Latino Voices

Verbal Victor: Inventor Of App To Talk With His Disabled Son Finds App Helping People All Over The World (VIDEO)

According to a Kaiser Family Foundation research on Medicaid (PDF), the reasons immigrant families have poor access to technological advancements in healthcare vary significantly. These families might not know many of these services are available, language and technological barriers may prevent them from applying, or the costs of the services might be too high.

Not one for letting technological barriers get in the way of his son’s health, an Associate Professor of Computer Science at Wake Forest University named Paul Pauca invented a communication app called Verbal Victor. Pauca, originally from Peru but now living in North Carolina, is also a father. The app shares the name of his son, Victor, who was diagnosed with Pitt Hopkins Syndrome, a condition characterized by severe intellectual disability and developmental delay.

The app helps families who don't have the means to buy expensive communication tools talk to children who are developing their skills or who face serious delays in language development.

Pauca developed the app to be customizable. Any family can add content that relates to their child and in the language of their choice.

Verbal Victor is now selling all over the world for an accessible price of US$6.99.

"We were surprised that we were selling Verbal Victor all over the world. India, Asia, Africa, Kenya, all over Latin America," Pauca told Huffington Post. "To see people who didn't have access to conventional technology, and are now able to download it all over the world. Now we are even making them cheaper by using a mass market license."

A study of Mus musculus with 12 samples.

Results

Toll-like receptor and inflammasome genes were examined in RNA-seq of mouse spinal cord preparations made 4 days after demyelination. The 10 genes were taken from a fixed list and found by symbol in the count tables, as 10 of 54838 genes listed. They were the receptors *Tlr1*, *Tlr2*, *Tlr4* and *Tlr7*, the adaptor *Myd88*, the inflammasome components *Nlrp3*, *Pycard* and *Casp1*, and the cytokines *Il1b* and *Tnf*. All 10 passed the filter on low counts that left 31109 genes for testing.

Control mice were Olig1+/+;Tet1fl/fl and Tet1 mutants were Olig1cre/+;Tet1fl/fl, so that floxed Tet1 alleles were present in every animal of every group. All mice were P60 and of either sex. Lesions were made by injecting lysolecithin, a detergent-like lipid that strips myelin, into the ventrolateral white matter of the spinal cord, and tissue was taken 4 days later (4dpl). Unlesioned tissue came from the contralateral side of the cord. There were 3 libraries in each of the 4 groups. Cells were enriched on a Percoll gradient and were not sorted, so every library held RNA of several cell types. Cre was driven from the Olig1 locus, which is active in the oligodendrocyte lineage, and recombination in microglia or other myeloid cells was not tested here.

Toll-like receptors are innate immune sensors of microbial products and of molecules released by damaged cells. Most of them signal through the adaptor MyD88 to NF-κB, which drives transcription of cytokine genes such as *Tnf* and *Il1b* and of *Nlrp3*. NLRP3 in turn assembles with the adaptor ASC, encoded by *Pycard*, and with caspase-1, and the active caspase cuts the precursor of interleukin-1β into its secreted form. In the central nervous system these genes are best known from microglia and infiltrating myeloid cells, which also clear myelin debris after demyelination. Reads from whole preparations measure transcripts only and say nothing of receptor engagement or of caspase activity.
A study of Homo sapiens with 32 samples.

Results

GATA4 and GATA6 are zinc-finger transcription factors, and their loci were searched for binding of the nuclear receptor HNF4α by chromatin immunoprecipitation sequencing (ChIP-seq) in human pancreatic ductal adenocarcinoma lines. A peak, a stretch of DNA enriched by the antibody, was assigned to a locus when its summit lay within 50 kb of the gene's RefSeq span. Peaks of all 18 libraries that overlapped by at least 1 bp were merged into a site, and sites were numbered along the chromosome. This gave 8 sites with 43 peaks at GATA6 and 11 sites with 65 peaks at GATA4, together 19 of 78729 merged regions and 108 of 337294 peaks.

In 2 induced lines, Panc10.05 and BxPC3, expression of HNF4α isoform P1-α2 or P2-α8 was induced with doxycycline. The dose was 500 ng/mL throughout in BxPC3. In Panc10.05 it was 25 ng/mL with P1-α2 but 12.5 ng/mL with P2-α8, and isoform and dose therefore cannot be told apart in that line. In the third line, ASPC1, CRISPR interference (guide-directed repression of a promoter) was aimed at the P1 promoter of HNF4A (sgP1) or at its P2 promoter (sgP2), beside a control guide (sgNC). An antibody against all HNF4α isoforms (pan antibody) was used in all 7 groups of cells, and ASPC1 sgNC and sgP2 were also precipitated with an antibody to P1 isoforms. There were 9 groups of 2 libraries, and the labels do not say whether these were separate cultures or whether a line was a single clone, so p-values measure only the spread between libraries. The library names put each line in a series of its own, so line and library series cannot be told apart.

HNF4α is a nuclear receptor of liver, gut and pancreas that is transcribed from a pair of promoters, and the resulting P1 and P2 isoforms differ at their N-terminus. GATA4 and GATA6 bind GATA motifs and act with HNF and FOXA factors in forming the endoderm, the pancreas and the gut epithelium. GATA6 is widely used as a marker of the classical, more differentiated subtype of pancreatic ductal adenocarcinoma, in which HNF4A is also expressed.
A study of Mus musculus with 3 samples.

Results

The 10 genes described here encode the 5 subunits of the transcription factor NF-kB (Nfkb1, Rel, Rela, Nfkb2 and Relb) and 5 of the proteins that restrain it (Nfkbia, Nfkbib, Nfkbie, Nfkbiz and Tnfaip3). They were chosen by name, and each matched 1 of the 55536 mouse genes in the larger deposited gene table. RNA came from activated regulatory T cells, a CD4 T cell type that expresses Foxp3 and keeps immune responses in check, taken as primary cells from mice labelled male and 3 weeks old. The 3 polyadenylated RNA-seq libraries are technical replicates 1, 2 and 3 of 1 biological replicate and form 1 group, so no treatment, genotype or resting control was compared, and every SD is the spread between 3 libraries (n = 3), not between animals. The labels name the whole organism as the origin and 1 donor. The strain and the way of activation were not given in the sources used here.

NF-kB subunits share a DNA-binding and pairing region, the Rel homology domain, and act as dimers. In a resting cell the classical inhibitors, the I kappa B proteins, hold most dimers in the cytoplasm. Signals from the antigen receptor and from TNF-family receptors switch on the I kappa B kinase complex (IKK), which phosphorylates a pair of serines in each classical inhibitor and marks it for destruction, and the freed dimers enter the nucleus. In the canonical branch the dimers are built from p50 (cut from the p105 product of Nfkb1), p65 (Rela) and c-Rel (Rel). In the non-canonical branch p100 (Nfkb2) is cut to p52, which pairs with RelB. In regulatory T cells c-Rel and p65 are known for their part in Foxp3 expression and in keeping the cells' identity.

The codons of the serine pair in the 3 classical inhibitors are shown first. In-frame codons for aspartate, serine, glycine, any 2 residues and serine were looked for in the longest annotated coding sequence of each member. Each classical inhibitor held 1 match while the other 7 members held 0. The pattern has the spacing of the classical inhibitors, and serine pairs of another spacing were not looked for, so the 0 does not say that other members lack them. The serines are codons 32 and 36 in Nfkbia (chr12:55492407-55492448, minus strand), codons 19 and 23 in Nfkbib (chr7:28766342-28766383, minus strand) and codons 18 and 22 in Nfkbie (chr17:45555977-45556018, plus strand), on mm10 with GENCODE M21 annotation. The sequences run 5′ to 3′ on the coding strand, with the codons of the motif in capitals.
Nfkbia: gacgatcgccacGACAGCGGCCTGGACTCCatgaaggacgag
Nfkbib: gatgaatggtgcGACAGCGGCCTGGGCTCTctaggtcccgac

That low price point and easy accessibility is on the cutting edge of showing how technology can cross borders to reach families that may not have had access to these products otherwise.

“To me, it's a revolution," says Pauca.

However, many Hispanic families don't have access or know how to take advantage of the latest technologies, according to research by the Kaiser Commission on Medicaid.

An outreach worker from Florida is cited in the research as saying: “The issue is that, technologically, we [society] are going really, really fast. Our community, the community of immigrants, they are really, really behind. When you are talking about the regular families in the United States, they are used to 'now', to do it all… payments, applications, bank accounts, everything is on the internet. But in the Hispanic community, sometimes they don’t have a computer at home.”

Pauca hopes that he can help bring awareness of what is out there to these communities. He is now an international ambassador for Pitt Hopkins Syndrome and continues working on innovative products with which children with disabilities can lead an easier life.

What started out as a way to help his son, has led to a family endeavor to make a difference in the world.

“Victor brought meaning and purpose to my work,” Pauca said in an interview with NBC Latino. “My wife [who holds Master's degrees in Early Childhood Development and Special Education] and I have started a foundation. And my daughters are becoming leaders in disabilities and trying to change the world in their own way.”